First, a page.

India and the United States have agreed to strengthen cooperation on maritime security, hold more naval exercises and "in principle" share and exchange military logistics, signalling a deepening alignment of interests amid China's growing assertiveness.
US Secretary of Defence Ashton Carter, who was in India for a three- day visit, met his Indian counterpart Manohar Parrikar yesterday, with both sides moving closer to finalising a Logistics Support Agreement.
The accord, put in cold storage by the previous Congress government, will see the armed forces of the two countries share military logistics such as by using military bases for refuelling or repairs of fighter jets and naval warships.
But New Delhi said US troops would not be stationed in India.
"As our engagement deepens, we need to develop practical mechanisms to facilitate such exchanges," Mr Parrikar said at a joint press briefing, noting that the negotiations would be completed "in the coming months".
Mr Carter, who put off a visit to China this month but is on his second visit to India within a year, said that all the issues surrounding the agreement have been resolved.
He called ties between the US and India "one of the defining partnerships of the 21st century" and said both countries would hold more "complex maritime exercises" and a maritime security dialogue involving their foreign and defence ministry officials.
The US has been pushing for closer defence cooperation with India as concerns in the region grow over China's military ambitions.
China is embroiled in territorial disputes with Vietnam, the Philippines, Malaysia, Brunei and Taiwan in the South China Sea and with Japan in the East China Sea.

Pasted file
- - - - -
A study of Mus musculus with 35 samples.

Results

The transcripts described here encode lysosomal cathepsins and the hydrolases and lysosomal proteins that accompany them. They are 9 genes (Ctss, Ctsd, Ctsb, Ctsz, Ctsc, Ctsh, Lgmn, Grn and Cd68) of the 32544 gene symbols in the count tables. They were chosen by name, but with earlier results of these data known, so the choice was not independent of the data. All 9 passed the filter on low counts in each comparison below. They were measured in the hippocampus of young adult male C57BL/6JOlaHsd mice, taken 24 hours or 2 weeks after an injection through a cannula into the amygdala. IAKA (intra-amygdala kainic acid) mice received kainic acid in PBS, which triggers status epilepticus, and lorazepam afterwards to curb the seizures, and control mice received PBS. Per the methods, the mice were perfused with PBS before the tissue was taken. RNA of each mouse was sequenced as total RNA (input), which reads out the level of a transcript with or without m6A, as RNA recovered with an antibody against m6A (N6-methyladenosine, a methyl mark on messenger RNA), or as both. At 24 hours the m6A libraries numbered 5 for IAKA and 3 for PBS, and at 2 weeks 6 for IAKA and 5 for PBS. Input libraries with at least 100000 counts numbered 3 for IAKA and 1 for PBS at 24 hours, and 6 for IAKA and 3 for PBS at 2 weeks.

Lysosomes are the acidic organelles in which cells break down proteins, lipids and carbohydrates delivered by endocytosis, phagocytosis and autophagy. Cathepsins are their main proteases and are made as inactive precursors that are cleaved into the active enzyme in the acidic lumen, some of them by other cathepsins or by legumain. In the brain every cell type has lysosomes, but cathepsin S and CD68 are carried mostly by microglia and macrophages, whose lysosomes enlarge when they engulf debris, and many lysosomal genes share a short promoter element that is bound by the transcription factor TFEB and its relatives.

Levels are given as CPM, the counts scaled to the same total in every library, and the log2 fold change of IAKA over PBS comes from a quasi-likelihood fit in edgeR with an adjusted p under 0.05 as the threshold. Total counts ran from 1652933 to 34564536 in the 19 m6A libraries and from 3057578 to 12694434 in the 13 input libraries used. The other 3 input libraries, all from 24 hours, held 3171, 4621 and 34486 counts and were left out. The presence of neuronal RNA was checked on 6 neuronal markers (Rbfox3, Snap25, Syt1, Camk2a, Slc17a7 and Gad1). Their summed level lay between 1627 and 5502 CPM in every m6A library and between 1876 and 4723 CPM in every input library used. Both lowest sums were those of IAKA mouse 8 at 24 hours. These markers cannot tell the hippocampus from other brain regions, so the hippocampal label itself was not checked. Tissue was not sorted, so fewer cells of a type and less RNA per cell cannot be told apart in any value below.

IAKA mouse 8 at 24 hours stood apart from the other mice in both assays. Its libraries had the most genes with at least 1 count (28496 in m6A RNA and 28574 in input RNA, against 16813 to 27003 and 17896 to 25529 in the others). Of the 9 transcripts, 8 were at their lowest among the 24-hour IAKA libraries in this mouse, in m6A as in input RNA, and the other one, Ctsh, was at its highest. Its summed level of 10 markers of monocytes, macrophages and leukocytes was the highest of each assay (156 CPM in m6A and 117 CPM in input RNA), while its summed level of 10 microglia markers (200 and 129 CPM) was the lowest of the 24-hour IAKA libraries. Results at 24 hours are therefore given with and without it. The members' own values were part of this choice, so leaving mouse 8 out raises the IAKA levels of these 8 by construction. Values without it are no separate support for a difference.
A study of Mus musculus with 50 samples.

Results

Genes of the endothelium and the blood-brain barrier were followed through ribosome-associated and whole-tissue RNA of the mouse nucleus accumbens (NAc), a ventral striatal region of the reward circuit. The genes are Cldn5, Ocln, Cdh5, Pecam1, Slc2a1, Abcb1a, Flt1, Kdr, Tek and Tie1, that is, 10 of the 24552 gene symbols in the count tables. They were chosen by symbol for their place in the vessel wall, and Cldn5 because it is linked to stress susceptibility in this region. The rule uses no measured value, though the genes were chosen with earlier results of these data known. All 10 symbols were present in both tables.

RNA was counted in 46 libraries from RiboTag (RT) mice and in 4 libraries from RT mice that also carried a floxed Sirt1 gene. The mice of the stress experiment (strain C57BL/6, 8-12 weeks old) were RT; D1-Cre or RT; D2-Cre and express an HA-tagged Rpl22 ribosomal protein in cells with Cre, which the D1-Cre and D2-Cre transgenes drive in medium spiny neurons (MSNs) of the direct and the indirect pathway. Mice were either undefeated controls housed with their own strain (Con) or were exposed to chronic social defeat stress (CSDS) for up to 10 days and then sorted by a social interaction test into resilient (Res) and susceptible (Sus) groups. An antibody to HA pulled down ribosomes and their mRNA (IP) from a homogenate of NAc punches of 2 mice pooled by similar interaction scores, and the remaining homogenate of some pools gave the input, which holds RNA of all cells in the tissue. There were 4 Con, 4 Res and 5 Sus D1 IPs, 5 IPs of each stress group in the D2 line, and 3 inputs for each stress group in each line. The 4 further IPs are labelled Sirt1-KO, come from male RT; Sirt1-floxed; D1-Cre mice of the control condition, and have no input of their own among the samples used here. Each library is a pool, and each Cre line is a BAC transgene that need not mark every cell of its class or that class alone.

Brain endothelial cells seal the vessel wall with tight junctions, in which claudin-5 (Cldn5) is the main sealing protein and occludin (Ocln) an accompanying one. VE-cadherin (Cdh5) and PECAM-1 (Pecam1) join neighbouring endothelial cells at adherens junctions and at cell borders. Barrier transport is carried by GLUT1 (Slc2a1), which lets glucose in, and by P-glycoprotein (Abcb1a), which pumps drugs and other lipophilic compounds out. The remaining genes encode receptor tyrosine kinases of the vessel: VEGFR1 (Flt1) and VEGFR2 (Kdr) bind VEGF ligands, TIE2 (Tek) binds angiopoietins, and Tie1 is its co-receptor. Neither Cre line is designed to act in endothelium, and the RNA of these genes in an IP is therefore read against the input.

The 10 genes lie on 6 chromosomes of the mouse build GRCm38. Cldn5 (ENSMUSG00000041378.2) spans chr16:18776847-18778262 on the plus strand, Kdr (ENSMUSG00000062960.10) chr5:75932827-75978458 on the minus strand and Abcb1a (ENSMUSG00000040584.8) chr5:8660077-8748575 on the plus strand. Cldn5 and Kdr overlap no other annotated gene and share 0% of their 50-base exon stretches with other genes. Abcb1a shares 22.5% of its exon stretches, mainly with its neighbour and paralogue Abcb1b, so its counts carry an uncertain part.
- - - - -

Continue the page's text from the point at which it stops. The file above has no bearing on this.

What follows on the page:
China's growing influence in the region, especially in South Asia, is of concern to India, which has a festering border row with its neighbour.
Indian Prime Minister Narendra Modi, unlike the previous government, has also been more forthright about deepening ties with the United States. But he too has been wary of India being dragged into the South China Sea dispute.
Mr Parrikar yesterday reiterated India's opposition to joint patrolling in the Asia-Pacific, an idea that Admiral Harry Harris, commander of US Pacific Command, had spoken of in India last month.
"We will not change our stand on joint patrolling," he said.
But he noted: "We will continue to work together to maintain peace and stability and to maintain an enabling framework for progress and prosperity in the Asia-Pacific."
Foreign policy analysts say US-India defence ties are becoming an important cornerstone of relations.
"The US is quite clearly becoming the principal partner for (military) hardware and also for the armed forces exercises," said former Indian foreign secretary Lalit Mansingh.
"Under Modi, we are decidedly aligning towards the US and, importantly, deepening our defence relations."